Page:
Auto Industry Bailout: Another success for Team Obama
Link from TPM.
Could Republicans be in for a hard time next year now that the auto industry is struggling back to its feet? Democrats say yes. On a Tuesday morning conference call with reporters, former Democratic Govs. Jennifer Granholm (MI) and Ted Strickland (OH) said voters in their states are enjoying thousands of new jobs thanks to the auto industry bailout Republicans (these days, anyway) love to hate.
And with Chrysler completing its repayment of $7.6 billion in federal loans six years early, Democrats say the Republicans running for president -- all of whom slammed the bailout program, they say -- have found themselves on the wrong side on what has turned out to be a successful jobs program.
"Midwestern families would have been left out in the cold: no job, no income, no industry" if Republican bailout foes had their way, Granholm said. "And these voters are not going to forget it."
The Democrats on the call had a field day reminiscing about Mitt Romney's 2008 New York TimesLet Detroit Go Bankrupt," in which the frontrunner for the 2012 Republican presidential nomination said American automakers would be on a "suicidal course of declining market shares, insurmountable labor and retiree burdens, technology atrophy, product inferiority and never-ending job losses" if a bailout plan went ahead. op-ed, "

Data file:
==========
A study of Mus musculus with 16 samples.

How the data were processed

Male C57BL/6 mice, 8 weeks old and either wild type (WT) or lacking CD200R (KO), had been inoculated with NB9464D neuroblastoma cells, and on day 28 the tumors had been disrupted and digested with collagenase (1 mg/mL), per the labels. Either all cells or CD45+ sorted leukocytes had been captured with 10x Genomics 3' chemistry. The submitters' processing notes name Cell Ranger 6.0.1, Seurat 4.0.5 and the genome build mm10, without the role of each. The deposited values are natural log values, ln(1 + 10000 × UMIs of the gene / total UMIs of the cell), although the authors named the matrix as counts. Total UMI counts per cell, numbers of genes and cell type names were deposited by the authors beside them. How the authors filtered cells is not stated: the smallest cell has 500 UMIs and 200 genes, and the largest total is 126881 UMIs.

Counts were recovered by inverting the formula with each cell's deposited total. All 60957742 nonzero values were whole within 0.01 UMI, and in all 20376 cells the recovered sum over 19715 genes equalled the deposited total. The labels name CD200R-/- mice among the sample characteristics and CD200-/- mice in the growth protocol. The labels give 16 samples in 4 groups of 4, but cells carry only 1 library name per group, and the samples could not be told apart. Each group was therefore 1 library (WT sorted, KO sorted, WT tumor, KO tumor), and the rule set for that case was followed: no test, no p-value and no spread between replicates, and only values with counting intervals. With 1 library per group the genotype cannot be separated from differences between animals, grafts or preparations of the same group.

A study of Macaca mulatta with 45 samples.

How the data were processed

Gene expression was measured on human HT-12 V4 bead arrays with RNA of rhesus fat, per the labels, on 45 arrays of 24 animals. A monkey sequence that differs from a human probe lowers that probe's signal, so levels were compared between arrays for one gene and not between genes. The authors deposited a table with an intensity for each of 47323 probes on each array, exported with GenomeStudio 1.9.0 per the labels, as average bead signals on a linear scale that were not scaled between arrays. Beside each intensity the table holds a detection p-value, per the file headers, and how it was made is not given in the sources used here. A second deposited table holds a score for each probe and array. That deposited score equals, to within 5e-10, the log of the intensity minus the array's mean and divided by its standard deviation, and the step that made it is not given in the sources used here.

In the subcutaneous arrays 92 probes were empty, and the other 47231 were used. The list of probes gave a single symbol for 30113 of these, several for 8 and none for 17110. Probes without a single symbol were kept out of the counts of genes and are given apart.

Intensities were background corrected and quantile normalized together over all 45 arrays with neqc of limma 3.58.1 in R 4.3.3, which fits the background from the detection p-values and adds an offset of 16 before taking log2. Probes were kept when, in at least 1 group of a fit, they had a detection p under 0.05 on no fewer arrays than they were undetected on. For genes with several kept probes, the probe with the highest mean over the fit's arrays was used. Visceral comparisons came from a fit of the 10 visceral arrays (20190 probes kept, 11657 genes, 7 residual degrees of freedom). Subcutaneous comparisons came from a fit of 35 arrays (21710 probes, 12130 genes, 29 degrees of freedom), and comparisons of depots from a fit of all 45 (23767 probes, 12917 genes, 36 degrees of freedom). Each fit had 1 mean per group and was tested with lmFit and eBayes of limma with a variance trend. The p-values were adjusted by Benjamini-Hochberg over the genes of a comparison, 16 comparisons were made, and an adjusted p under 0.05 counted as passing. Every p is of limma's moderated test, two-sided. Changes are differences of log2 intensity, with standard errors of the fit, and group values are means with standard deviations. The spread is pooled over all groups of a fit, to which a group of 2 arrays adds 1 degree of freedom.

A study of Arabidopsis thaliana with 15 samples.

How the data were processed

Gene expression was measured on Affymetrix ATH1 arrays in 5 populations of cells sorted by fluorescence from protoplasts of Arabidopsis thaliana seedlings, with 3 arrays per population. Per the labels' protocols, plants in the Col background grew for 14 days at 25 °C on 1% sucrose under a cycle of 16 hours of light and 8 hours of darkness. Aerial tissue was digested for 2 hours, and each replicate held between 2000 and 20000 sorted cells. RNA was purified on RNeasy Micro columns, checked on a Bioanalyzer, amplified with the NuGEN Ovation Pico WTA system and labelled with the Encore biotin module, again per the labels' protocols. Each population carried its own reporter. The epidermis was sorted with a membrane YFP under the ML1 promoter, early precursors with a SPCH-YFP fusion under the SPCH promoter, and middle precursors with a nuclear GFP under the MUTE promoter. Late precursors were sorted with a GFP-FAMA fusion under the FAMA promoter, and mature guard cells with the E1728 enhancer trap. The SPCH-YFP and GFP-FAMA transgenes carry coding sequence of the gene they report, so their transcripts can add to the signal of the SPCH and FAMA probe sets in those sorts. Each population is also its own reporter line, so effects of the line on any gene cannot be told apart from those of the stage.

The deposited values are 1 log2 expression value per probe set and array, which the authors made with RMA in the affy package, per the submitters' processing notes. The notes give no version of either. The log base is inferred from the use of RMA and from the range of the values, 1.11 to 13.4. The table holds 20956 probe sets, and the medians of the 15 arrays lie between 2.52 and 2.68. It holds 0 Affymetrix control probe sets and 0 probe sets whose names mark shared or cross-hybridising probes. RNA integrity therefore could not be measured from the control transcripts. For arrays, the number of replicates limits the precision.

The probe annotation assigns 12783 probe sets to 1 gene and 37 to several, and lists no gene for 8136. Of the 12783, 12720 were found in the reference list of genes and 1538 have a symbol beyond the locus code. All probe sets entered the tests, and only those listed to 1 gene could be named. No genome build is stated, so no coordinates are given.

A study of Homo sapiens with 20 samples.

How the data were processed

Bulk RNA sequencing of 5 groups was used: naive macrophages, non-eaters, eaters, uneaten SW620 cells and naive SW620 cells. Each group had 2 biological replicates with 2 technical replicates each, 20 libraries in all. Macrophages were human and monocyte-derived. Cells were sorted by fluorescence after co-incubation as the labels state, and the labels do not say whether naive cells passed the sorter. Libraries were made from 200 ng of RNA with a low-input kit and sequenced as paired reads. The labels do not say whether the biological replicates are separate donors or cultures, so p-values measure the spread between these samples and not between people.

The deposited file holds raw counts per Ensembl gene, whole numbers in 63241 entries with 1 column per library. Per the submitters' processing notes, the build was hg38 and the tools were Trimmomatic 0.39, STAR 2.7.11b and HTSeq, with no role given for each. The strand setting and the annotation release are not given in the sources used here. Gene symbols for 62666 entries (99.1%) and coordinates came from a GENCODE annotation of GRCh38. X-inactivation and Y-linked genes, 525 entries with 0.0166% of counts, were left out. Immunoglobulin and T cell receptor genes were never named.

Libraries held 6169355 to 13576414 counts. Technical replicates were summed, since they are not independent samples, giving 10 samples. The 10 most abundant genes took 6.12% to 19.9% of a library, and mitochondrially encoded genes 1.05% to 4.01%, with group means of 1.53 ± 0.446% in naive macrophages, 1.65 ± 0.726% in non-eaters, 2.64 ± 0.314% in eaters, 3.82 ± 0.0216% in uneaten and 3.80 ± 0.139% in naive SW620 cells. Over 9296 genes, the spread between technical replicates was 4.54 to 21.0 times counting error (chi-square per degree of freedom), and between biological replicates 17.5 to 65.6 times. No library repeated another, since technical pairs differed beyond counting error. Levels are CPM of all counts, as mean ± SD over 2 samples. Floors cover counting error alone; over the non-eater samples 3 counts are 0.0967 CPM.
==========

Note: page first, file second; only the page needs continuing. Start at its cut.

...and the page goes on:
"Look where we are today," Granholm said, pointing to what she said is an industry on the road to health.
"When Michigan families and communities needed his support the most, Romney saw this debate as an oppurtune moment to earn some conservative cred," she added.
Strickland acknowledged that polls don't yet show a boost for Obama in Ohio, which Strickland governed for four years. But he said that a bailout bump is coming in the important presidential election state.
"I think the president's going to do well in Ohio," Strickland said. "Not only because of the saving of the auto industry, but the fact that our state's economy is on the rebound."
"People are starting to understand that we are where we are today because of the decisions that were made by this president during the most trying of times," Strickland added.